Who was/is Floyd Dixon ? - CDs, Vinyl LPs, DVD and more
The Lone Star state sired three of the top R&B pianists to record for Los Angeles-based Aladdin Records in the postwar era. Charles Brown, Amos Milburn, and Floyd Dixon all enjoyed great success for the Mesner brothers' label; Dixon was something of a stylistic combination of the other two, combining Milburn's proclivity for houserocking boogies with Brown's subtly shaded blue melancholy.
Dixon (born February 8, 1928) hailed from Marshall, Texas, and was inspired by a blues pianist he witnessed as a lad named Roadmaster. He moved to L.A. in his teens and found encouragement in his musical endeavors from an older white gent named Mark Hurley and Charles Brown, who took the young pianist under his wing. Floyd won amateur contests at the Million Dollar Theater and the Barrelhouse, and ventured down to Modern Records to cut what he believed was a demo. The Biharis thought it good enough to release, and in 1949 Dixon scored his first hit on Modern with that very tune, Dallas Blues (Mississippi Blues followed suit later that year).
Dixon joined forces with ex-Three Blazers bassist Eddie Williams to form the Brown Buddies, and with Floyd singing, they hit for Al Patrick's Supreme logo with Broken Hearted, again in 1949.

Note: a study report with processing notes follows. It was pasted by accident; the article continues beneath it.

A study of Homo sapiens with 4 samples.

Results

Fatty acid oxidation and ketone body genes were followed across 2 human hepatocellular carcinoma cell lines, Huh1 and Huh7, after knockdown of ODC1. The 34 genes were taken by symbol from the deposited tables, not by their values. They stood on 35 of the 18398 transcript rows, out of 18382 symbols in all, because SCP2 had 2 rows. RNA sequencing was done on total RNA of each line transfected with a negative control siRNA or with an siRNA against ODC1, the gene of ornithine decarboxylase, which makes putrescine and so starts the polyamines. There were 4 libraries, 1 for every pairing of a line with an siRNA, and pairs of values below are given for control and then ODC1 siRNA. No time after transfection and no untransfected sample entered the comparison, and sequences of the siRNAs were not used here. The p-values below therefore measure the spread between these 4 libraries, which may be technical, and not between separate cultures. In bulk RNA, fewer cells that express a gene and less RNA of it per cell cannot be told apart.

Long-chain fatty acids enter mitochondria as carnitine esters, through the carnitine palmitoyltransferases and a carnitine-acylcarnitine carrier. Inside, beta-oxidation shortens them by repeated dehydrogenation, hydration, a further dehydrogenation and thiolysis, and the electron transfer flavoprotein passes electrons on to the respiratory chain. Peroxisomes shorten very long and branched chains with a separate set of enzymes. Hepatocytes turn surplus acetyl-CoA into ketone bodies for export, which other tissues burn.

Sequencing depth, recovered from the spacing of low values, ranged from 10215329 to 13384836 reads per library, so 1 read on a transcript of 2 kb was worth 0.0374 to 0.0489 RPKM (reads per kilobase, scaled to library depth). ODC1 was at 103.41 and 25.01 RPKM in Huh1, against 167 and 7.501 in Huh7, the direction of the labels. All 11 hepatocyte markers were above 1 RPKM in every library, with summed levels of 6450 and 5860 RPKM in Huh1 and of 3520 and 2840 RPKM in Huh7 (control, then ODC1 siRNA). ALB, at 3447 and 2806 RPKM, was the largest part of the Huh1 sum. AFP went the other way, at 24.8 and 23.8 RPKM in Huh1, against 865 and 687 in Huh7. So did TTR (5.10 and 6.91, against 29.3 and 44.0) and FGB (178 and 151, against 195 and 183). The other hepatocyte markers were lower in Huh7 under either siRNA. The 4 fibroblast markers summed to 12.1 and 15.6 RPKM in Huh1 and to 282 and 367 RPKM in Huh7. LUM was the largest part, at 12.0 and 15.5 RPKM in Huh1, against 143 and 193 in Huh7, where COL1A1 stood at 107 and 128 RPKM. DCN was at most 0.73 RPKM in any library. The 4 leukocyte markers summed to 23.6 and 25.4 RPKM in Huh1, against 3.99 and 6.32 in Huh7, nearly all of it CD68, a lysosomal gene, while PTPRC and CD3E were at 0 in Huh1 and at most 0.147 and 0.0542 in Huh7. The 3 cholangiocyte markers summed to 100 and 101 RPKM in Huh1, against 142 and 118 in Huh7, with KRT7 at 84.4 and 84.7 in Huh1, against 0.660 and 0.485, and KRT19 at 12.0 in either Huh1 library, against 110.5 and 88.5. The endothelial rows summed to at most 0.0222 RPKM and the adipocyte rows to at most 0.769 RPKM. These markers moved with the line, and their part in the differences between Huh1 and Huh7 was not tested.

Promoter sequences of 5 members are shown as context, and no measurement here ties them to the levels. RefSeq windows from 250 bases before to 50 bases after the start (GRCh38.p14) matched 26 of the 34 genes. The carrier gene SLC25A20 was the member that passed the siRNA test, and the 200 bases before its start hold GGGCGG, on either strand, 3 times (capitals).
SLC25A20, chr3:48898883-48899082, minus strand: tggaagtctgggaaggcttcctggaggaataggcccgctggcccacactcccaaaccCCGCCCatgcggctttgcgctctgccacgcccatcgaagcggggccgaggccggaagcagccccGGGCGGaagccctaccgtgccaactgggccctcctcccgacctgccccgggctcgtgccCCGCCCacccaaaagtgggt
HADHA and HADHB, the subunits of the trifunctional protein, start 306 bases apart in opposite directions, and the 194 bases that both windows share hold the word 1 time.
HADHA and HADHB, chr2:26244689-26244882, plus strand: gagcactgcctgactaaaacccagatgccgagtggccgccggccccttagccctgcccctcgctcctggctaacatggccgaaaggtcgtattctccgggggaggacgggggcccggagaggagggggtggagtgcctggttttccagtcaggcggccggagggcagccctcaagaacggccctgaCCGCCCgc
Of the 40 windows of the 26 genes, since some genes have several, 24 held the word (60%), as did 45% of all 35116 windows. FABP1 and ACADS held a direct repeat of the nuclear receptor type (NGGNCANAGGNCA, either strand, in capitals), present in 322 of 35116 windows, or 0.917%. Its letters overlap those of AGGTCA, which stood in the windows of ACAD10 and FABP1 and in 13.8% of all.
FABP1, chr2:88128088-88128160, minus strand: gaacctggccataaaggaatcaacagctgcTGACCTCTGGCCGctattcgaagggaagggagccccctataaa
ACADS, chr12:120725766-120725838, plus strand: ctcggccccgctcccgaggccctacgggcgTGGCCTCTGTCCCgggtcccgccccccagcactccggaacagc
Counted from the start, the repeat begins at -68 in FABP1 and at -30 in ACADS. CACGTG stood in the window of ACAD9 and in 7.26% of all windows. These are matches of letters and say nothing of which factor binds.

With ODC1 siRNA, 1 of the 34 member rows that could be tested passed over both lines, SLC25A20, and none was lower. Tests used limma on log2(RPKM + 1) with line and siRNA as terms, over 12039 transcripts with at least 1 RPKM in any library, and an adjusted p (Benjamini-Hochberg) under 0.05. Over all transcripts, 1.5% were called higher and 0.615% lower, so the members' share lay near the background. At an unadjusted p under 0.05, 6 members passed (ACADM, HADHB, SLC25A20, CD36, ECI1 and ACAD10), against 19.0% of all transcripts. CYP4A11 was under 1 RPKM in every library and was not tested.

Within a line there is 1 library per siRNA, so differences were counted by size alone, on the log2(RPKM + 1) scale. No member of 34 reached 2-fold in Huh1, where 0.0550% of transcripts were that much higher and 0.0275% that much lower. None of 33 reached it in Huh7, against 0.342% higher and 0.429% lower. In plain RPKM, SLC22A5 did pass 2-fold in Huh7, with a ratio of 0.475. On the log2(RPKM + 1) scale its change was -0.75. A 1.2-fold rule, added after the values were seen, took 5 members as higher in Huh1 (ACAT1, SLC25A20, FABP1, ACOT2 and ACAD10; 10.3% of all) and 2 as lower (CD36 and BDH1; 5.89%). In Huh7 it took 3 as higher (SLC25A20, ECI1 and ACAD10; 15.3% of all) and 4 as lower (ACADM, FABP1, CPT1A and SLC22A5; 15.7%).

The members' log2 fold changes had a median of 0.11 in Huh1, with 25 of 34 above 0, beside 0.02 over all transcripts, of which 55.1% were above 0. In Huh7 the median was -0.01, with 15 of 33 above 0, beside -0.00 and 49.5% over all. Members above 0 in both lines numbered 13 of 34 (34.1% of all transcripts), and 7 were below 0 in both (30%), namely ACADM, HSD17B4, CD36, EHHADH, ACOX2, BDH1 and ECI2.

It was on to Don Robey's Peacock logo in Houston for four Dixon 78s that were quickly sold to Aladdin (Sad Journey Blues was a 1950 hit). That's how Floyd ended up on Aladdin, where he cut in the good company of Johnny Moore's Three Blazers, by then without Charles Brown but with Oscar Moore on the other guitar, Johnny Miller on bass, and Ellis Walsh on drums. That line-up backed Dixon on his '51 hit Telephone Blues. With saxist Maxwell Davis added, they accompanied the pianist as he delighted a throng at the Shrine Auditorium in July of '51 for Frank Bull & Gene Norman's Blues Jubilee. Floyd was wilder than usual in this ribald atmosphere; the crowd hoots it up throughout the self-penned Baby Let's Go Down To The Woods, the Moores letting loose with some savory fret pyrotechnics.
After one more hit for Aladdin without the Blazers (Call Operator 210) in 1952, Floyd moved on to Specialty, then Atlantic's short-lived Cat imprint (where he waxed the original Hey Bartender in 1954), Combo, Checker, Cash, Ebb, Swingin', Dodge, Kent, Duchess, Reva, Chattahoochee, and more without ever smelling the R&B charts again. There were long stretches where Floyd was absent from the scene, but he was back to make an acclaimed 1996 CD for Alligator. He died of cancer on July 26, 2006 in L.A., where he originally staked his claim to stardom.